One of the most difficult tasks of a leader is providing clear direction. What may seem obvious to us is often confusing to others. So how do you provide clear direction?
Consider what health researchers learned at West Virginia University when they attempted to lower saturated fat intake of select communities. The researchers decided the typical path of educating people about healthy eating was too confusing; therefore they focused on changing one habit. They attempted to get people to shift from whole milk to low-fat milk.
The researchers ran ads in several West Virginia communities that compared the saturated fat in one glass of whole milk to five strips of bacon. As you might imagine, the ad grabbed people’s attention, and the message the researches wanted to convey was very clear. As a result of the ad campaign, the percentage of low-fat milk purchased in those West Virginia communities increased from 18% of all milk purchased to 41%. The researchers succeeded.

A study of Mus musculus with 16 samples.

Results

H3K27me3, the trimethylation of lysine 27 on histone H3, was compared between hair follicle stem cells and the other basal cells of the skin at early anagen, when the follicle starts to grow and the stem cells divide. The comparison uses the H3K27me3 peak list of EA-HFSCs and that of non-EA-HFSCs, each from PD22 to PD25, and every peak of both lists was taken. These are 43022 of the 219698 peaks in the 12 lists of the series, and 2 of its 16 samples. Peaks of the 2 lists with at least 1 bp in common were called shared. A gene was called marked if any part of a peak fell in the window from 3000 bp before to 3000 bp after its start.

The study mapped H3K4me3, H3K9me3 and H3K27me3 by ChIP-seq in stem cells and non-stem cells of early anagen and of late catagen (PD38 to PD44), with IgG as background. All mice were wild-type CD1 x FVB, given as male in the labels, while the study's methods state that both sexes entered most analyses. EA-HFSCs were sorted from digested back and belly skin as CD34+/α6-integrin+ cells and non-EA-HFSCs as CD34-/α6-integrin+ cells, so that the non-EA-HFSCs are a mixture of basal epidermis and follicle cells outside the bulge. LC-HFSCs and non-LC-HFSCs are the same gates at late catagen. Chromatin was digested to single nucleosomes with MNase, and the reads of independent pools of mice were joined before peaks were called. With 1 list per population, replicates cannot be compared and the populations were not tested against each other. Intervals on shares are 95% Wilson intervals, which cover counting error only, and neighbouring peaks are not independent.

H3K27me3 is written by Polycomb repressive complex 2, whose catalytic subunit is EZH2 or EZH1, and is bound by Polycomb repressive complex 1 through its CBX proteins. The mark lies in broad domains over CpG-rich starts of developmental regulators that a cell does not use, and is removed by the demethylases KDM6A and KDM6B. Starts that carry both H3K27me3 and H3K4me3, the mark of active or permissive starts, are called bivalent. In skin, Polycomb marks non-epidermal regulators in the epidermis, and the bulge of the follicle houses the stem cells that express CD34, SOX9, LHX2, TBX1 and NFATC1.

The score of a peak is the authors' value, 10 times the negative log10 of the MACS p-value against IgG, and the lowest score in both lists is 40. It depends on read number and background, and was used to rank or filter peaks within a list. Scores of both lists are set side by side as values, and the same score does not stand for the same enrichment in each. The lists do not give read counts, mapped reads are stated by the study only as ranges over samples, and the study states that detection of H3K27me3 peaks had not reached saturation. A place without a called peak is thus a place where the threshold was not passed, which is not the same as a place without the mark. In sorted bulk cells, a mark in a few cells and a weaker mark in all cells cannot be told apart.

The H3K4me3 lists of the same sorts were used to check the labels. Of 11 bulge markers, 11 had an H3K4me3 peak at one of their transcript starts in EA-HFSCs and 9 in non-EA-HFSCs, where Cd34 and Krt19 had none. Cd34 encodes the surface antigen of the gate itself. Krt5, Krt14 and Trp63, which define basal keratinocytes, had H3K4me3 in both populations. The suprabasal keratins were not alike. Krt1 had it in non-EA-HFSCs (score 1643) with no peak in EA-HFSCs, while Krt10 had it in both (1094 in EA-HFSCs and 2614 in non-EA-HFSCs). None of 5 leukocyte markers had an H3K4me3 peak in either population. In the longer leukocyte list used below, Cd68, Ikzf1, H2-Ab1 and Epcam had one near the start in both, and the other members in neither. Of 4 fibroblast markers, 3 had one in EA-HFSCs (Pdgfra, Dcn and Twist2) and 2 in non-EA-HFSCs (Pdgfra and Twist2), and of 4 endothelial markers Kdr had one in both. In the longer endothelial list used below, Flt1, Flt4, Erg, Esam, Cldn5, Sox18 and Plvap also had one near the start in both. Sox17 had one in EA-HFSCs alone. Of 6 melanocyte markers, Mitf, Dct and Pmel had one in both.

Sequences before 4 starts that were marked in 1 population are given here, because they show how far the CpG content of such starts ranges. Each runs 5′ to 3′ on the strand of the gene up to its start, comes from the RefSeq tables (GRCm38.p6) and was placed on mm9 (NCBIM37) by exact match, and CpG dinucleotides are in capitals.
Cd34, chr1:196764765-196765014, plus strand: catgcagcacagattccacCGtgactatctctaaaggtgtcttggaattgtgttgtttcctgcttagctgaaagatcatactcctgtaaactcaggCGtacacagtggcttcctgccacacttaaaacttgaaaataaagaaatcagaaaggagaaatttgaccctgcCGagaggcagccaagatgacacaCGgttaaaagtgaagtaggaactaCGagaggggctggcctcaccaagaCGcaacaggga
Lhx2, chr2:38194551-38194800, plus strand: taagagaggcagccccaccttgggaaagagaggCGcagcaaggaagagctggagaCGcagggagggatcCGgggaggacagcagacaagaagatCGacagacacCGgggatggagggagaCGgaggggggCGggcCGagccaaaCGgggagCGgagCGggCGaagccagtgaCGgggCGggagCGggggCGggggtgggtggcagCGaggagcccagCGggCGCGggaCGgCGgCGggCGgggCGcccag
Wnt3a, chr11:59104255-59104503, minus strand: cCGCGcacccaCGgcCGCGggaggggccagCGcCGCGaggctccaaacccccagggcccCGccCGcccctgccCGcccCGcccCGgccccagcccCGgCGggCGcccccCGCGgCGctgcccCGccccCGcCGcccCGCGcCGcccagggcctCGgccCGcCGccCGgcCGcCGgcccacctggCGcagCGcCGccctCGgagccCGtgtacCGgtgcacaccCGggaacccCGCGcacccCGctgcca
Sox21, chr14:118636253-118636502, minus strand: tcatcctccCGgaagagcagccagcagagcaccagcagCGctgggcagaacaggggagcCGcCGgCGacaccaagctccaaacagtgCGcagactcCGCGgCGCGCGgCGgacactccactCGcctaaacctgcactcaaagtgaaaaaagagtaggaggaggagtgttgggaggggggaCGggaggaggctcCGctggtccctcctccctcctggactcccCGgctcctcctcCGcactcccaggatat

How can you focus your team’s attention on specific next steps?
For example, if your dental front office team needs to work on their attitude, provide specific feedback. If you notice your team is not friendly when they answer the phone, challenge them to smile when they hear the phone ring and then answer while they are still smiling. Patients will “hear” the smile.
If you notice your assistant needs to be more thorough, consider how you can guide her. Specific steps may include always documenting health history changes when the patient is initially seated or preparing the room to eliminate having to get up during the procedure.
If you want to get better results from your team, look no further than the guidance you provide. Clear direction gives your team the opportunity to succeed.